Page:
MP Serré hopes to fix 'gaps' in northern Ontario EV charging network

Nickel Belt MP Marc Serré is making a push for more businesses and municipalities in northern Ontario to open electric vehicle (EV) charging stations.

As feds promise funding for EV charging stations, MP Serré says northern Ontario needs to grab opportunities

FILE- In this June 24, 2017, file photo, a Telsa Model 3 car recharges at a Tesla charging station at Cochran Commons shopping center in Charlotte, N.C. esla has cut $1,100 from the base price of its Model 3 car designed for the mass market.  The electric car company now says on its website that the car starts at $42,900, still short of the target base price of $35,000.  For $42,900 buyers will get a rear-wheel-drive Model 3 in black with Tesla’s lower-range battery that goes 264 miles per charge. (AP Photo/Chuck Burton)
Nickel Belt MP Marc Serré hopes that with enough uptake by communities, northern Ontario can build a strong electric vehicle charging infrastructure. (Chuck Burton/Associated Press)


Natural Resources Canada will seek requests for proposals for new chargers this winter — part of a $280 million federal program to help build up the EV infrastructure across Canada — and Serré said he hopes to see applications from northern groups and organizations.

"I want to make sure that northern Ontario is prepared, it's proactive to access these funds and that northern Ontario gets its fair share," Serré said. "But we have to work together to make sure we submit some of those proposals."

Electric vehicles can travel 200 kilometres on a single charge, non-profit group Plug'N Drive estimates, which can cause concern for drivers travelling between distant northern Ontario communities.

Serré said there are 15 charging stations in the region, with three in the Nickel Belt riding and 12 in the Sudbury riding.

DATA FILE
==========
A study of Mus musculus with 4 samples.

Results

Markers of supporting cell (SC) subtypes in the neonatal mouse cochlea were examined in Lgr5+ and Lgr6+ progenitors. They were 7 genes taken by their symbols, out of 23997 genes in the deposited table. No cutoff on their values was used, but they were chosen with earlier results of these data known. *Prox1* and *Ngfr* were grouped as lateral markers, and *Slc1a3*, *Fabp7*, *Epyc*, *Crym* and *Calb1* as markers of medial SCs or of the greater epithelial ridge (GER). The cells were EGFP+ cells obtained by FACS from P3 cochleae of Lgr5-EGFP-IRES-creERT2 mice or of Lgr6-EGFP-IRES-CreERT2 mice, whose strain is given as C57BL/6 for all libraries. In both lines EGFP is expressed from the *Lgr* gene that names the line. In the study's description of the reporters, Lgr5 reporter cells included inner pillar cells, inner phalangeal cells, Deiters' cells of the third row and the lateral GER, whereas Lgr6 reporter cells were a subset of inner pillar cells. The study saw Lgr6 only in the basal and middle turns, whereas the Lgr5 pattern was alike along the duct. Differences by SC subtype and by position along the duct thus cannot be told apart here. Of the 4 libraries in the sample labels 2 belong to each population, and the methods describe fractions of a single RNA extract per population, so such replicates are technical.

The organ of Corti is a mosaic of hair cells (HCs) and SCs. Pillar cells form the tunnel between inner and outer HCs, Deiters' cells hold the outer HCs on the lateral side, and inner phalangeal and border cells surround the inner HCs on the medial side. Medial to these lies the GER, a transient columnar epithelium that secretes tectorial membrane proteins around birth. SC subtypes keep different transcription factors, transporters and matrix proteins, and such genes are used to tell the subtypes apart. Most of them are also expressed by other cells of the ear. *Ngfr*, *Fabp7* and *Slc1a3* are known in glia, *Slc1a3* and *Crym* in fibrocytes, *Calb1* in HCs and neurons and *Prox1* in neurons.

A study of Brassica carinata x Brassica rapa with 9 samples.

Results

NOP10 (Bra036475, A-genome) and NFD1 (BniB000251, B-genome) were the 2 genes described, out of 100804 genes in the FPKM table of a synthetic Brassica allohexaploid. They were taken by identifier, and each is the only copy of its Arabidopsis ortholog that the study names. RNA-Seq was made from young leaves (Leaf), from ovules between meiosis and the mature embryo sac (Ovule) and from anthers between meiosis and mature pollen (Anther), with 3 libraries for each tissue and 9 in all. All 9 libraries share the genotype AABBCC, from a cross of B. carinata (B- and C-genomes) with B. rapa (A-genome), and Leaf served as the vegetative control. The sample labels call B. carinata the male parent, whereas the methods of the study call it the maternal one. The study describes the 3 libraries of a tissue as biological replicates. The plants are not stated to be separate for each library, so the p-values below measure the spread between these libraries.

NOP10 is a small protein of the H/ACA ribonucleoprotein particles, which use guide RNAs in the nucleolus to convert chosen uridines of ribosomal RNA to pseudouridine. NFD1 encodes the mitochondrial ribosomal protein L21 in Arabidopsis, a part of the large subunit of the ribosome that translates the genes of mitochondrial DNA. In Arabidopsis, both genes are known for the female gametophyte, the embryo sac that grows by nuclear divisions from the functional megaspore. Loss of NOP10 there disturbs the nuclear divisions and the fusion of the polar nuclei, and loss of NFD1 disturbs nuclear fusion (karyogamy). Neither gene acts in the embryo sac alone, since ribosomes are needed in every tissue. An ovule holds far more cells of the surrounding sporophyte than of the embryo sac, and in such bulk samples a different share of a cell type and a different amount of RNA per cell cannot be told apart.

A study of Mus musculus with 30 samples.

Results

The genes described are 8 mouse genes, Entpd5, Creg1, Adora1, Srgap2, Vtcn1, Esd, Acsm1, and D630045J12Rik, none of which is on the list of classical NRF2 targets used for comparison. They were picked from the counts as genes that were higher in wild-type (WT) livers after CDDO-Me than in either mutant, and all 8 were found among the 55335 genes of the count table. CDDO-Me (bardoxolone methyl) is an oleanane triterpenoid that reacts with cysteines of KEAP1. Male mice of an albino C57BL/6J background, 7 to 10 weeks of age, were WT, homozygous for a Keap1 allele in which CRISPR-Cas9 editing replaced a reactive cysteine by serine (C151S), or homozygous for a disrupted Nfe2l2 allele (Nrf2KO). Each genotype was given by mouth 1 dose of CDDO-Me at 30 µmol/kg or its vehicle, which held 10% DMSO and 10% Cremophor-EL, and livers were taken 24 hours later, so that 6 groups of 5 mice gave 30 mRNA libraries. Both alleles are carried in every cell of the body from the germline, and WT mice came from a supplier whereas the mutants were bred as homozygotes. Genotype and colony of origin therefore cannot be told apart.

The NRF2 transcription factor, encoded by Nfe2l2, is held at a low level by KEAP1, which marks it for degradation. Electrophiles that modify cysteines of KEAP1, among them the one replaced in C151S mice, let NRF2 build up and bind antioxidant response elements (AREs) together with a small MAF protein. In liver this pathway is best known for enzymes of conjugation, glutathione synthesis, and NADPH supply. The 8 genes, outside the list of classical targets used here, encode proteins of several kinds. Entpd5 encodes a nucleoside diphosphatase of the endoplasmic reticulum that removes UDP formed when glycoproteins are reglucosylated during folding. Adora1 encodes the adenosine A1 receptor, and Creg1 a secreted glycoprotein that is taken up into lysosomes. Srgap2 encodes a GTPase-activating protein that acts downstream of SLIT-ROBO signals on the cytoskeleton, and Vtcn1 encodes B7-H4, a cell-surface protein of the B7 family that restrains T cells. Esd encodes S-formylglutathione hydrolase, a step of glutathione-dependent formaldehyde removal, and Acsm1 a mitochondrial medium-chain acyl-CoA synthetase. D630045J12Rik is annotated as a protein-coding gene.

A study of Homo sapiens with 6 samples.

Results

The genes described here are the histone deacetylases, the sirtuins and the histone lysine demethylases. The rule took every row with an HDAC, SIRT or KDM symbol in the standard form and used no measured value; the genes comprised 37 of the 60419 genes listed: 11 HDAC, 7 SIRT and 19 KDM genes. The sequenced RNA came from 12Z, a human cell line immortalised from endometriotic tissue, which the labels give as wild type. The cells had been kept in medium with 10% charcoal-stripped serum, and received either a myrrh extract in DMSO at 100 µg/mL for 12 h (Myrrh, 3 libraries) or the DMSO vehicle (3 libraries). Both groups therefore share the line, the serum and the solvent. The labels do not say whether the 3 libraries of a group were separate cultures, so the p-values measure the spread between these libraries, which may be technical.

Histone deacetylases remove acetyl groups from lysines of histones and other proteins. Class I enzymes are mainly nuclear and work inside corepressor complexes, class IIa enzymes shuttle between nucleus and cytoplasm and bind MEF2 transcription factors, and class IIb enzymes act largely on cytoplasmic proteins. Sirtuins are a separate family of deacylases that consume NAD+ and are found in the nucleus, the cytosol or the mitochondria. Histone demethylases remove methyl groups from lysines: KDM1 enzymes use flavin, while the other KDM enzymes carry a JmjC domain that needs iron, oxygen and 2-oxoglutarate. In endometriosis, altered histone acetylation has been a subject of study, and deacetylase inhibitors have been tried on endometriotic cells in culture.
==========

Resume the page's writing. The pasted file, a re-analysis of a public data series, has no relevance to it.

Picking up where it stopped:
"Going from Sudbury, to North Bay to Ottawa, there are gaps there," Serré said. "So I encourage municipalities, and mayors and the private sector to apply to make sure that there are enough of those EV stations.

"The more EV stations we can put in the region, the more it would give some comfort level to individuals to purchase EV vehicles." 

Serre encourages northern communities and businesses to apply for funds the federal government has earmarked to help build electric vehicle charging centres. (Erik White/CBC )

The City of Greater Sudbury announced recently that its new EMS vehicles would be electric, and Sudbury post-secondary school Cambrian College has a program that helps mechanics learn and adapt to the EV technology.

The federal government has set a target that by 2035, all new cars and passenger trucks will be zero emission. But so far, the government hasn't established any timeline to have a strong, connected charging centre infrastructure in northern Ontario.

"It's hard to give a timeline," Serré said. "But the money is there and I'm hopeful and optimistic that we should be able to fill in those gaps within the next year. I think that's the opportunity here that we have."